Norwood, MA -- Analog Devices, Inc., a global provider in high-performance semiconductors for signal processing applications and the market leader in data converters, today announced two new data converters that deliver industry-best speeds and unparalleled accuracy at resolutions of 18-bits and above. The new analog-to-digital converters (ADCs) simplify circuit design and decrease system cost by eliminating the need for cumbersome front-end signal conditioning. These advancements provide significant benefits in applications requiring high-performance data conversion, such as instrumentation, imaging and vibration analysis in industrial, medical and communications markets.
ADI's new converters are:
The fastest, most accurate 18-bit SAR ADC -- At 2 MSPS, the AD7641 is four times faster than the closest competition, while improving accuracy by a factor of three, with a typical nonlinearity of 2 LSB and SNR (signal-to-noise ratio) of 93 dB.
The most accurate, high-speed 20-bit sigma-delta ADC -- the AD7760 delivers the industry's highest SNR: 100 dB at 2.5 MSPS.
"Data-conversion technology has evolved to the point that it is now easier and more cost-effective to use higher resolution ADCs in many data acquisition applications including medical imaging and high-speed communications, than the lower resolution converters and front-end PGAs that have often been used," said Mike Britchfield, product line director for precision converters at Analog Devices. "These new high resolution converters function better in the analog realm, allowing designers to reduce the complexity and cost of the design process, while achieving unparalleled accuracy and performance levels."
Greater Cost Savings Through Reduced Design Complexity
The front-end signal conditioning traditionally required in high accuracy data acquisition systems is cumbersome and expensive, especially in many-channel systems. The wide dynamic range of the AD7641 and AD7760 allows low-level signals to be converted with minimal front-end analog signal conditioning, which reduces design effort and cost in comparison to solutions using lower-resolution ADCs. In many applications such as vibration analysis and medical imaging, the AD7641 eliminates the need for a discrete, low noise PGA (programmable gain amplifier), while the AD7760 simplifies complex anti aliasing filtering which reduces design work, complexity, cost and time to market. The AD7760 also integrates an on-chip buffer and differential amplifiers, allowing the device to be used with minimal external component selection.
The AD7641 - Fastest, Most Accurate SAR ADC
The fully differential AD7641 successive-approximation register (SAR) ADC joins Analog Devices' PulSAR family of ADCs. Dissipating only 100mW at 2 MSPS, the AD7641 enables significant cost savings because of its low power consumption. In impulse mode, the new ADC's power dissipation decreases with throughput to allow users total flexibility, from fastest throughput to lowest power consumption. Its 2-MSPS sampling rate lets the AD7641 replace several ADCs in multi-channel applications, reducing the number of discrete parts required. The 18-bit AD7641 operates from a single 2.5-V supply and provides an internal conversion clock, an internal reference buffer, error correction circuits and serial and parallel system interface ports.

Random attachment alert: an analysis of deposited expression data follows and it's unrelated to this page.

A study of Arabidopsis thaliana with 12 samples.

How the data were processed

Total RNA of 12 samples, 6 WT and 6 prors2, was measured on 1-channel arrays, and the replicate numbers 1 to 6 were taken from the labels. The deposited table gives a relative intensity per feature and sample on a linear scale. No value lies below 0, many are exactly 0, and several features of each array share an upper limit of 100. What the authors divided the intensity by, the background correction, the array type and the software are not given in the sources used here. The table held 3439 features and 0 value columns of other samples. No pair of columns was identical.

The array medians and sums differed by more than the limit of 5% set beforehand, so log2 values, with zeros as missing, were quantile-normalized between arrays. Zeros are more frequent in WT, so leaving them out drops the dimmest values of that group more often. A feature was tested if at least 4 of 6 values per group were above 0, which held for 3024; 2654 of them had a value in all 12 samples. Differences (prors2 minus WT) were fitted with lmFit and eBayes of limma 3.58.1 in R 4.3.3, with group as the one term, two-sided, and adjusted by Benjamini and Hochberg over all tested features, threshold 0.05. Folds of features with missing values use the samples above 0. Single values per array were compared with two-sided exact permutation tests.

To drive the ADC in high-precision applications the AD7641 can be coupled with Analog Devices' AD8021, a high-performance amplifier featuring low noise and low distortion.
The AD7760 - Most Accurate, High-Speed Sigma-Delta ADC
The first in Analog Devices' AD776x family of 20-bit sigma delta converters, the AD7760 sigma delta ADC combines wide input bandwidth and high speed with the benefits of sigma-delta conversion and provides breakthrough performance of 100dB SNR at 2.5MSPS, making it ideal for high speed data acquisition. Wide dynamic range and significantly reduced anti aliasing requirements truly simplify the design process, providing cost savings when compared to lower performance devices requiring considerable front end signal processing.
An integrated buffer to drive the reference, differential amplifiers for signal buffering and level shifting, an over-range flag, internal gain- & offset registers, and a low-pass digital FIR filter combine to make the AD7760 a compact highly integrated data acquisition device requiring minimal peripheral component selection. In addition, the AD7760 allows designers to adjust the filter if its default characteristics are not appropriate to the application. By simplifying high performance data acquisition, the AD7760 becomes ideal for applications demanding industry leading SNR without the need to design complex front end signal processing circuitry.
Analog Devices, Inc. is a leading manufacturer of precision high-performance integrated circuits used in analog and digital signal processing applications. ADI is headquartered in Norwood, Massachusetts, and employs approximately 8,700 people worldwide. It has manufacturing facilities in Massachusetts, California, North Carolina, Ireland, and the Philippines. Analog Devices' common stock is listed on the New York Stock Exchange and ADI is included in the S&P 500 Index.